Settlement Houses in Cleveland: Changing Communities From Within

The settlement house movement began in England in the late 1800's.  These houses strived to educate the community, while trying to solve urban problems.  Many settlement houses offered education classes, health care, and even served as a meeting place for the community.

The first settlement house to open in Cleveland was Hiram House.  It was followed shortly afterwards by Alta House, Goodrich House (now called the Goodrich-Gannett Neighborhood Center), Merrick House, and the Friendly Inn Social Settlement.  Each of these houses served a particular community in Cleveland.  The Alta House served the Italians in Little Italy, while the East End House initially served the local Hungarian population at that time.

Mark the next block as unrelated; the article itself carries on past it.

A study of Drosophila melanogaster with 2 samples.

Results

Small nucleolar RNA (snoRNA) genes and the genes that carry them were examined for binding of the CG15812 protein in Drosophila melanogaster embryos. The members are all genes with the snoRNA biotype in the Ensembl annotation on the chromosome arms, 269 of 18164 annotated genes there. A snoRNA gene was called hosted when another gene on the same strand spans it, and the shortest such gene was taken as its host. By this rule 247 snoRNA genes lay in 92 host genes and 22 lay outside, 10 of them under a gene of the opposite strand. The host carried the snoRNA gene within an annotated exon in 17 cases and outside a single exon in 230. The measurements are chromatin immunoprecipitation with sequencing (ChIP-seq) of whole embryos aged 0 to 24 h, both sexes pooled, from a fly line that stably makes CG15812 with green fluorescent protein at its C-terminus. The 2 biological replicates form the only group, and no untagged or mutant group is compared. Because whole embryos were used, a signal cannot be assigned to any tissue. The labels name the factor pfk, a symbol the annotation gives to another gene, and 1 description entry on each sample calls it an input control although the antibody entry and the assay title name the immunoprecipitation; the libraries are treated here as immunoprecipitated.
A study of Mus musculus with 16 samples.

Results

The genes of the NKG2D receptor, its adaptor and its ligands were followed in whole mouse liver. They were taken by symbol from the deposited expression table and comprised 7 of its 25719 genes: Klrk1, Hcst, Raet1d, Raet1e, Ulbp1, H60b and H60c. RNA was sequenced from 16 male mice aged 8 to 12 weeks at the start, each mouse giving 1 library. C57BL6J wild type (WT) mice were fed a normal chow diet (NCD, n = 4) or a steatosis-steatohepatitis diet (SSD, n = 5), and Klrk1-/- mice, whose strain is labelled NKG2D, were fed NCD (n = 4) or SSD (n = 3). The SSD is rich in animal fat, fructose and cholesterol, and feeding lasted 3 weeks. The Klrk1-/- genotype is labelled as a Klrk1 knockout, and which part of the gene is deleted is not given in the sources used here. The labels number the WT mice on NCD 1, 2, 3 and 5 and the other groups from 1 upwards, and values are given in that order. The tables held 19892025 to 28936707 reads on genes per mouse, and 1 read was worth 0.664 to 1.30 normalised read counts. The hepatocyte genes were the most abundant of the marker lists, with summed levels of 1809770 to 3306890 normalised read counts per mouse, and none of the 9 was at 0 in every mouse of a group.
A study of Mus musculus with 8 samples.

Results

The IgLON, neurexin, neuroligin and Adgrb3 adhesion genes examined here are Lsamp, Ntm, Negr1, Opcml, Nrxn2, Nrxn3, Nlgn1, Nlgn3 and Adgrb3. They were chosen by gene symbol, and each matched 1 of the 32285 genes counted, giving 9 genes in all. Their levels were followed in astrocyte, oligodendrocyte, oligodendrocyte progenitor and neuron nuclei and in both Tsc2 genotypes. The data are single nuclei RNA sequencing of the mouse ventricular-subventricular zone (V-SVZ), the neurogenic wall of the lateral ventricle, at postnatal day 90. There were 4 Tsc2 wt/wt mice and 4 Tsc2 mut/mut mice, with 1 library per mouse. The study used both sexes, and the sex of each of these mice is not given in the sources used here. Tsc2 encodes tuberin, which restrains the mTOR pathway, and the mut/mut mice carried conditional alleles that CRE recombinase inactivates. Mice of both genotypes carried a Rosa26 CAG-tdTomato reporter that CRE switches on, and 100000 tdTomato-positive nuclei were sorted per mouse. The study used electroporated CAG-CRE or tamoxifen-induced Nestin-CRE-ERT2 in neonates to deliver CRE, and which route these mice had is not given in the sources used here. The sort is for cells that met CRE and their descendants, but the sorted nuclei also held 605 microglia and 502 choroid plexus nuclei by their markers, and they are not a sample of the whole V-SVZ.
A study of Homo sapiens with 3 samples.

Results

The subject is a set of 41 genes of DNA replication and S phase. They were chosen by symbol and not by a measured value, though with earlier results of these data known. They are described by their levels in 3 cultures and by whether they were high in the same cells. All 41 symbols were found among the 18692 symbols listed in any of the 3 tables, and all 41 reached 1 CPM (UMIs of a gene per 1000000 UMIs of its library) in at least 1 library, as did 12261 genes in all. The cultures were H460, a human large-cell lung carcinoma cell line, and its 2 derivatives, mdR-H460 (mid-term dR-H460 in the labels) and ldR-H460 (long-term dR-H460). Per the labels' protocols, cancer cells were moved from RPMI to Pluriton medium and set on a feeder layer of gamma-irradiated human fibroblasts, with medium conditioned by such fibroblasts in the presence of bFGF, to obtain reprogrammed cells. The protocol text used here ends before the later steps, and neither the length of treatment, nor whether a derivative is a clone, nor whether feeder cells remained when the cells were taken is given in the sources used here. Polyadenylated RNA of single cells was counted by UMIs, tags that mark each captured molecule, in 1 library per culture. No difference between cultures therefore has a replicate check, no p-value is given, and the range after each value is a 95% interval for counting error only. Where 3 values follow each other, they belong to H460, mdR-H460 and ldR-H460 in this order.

Settlement houses helped Clevelanders by not only bringing communities together, but by changing the community from within. Serving as a centerpiece for its neighborhood, the settlement house provided a local meeting spot for various groups and organizations. Some settlement houses, like Karamu House, founded in 1915 and dedicated to interracial theater and the arts, have achieved national renown. Settlement houses also offered vocational classes for the local workers, daycare for children, and worked with labor unions for better working standards in an effort to improve the lives of everyone in their respective communities.

About the Photos

The images reproduced here are only a small portion of the Cleveland Press Archives in Special Collections at the Michael Schwartz Library, Cleveland State University.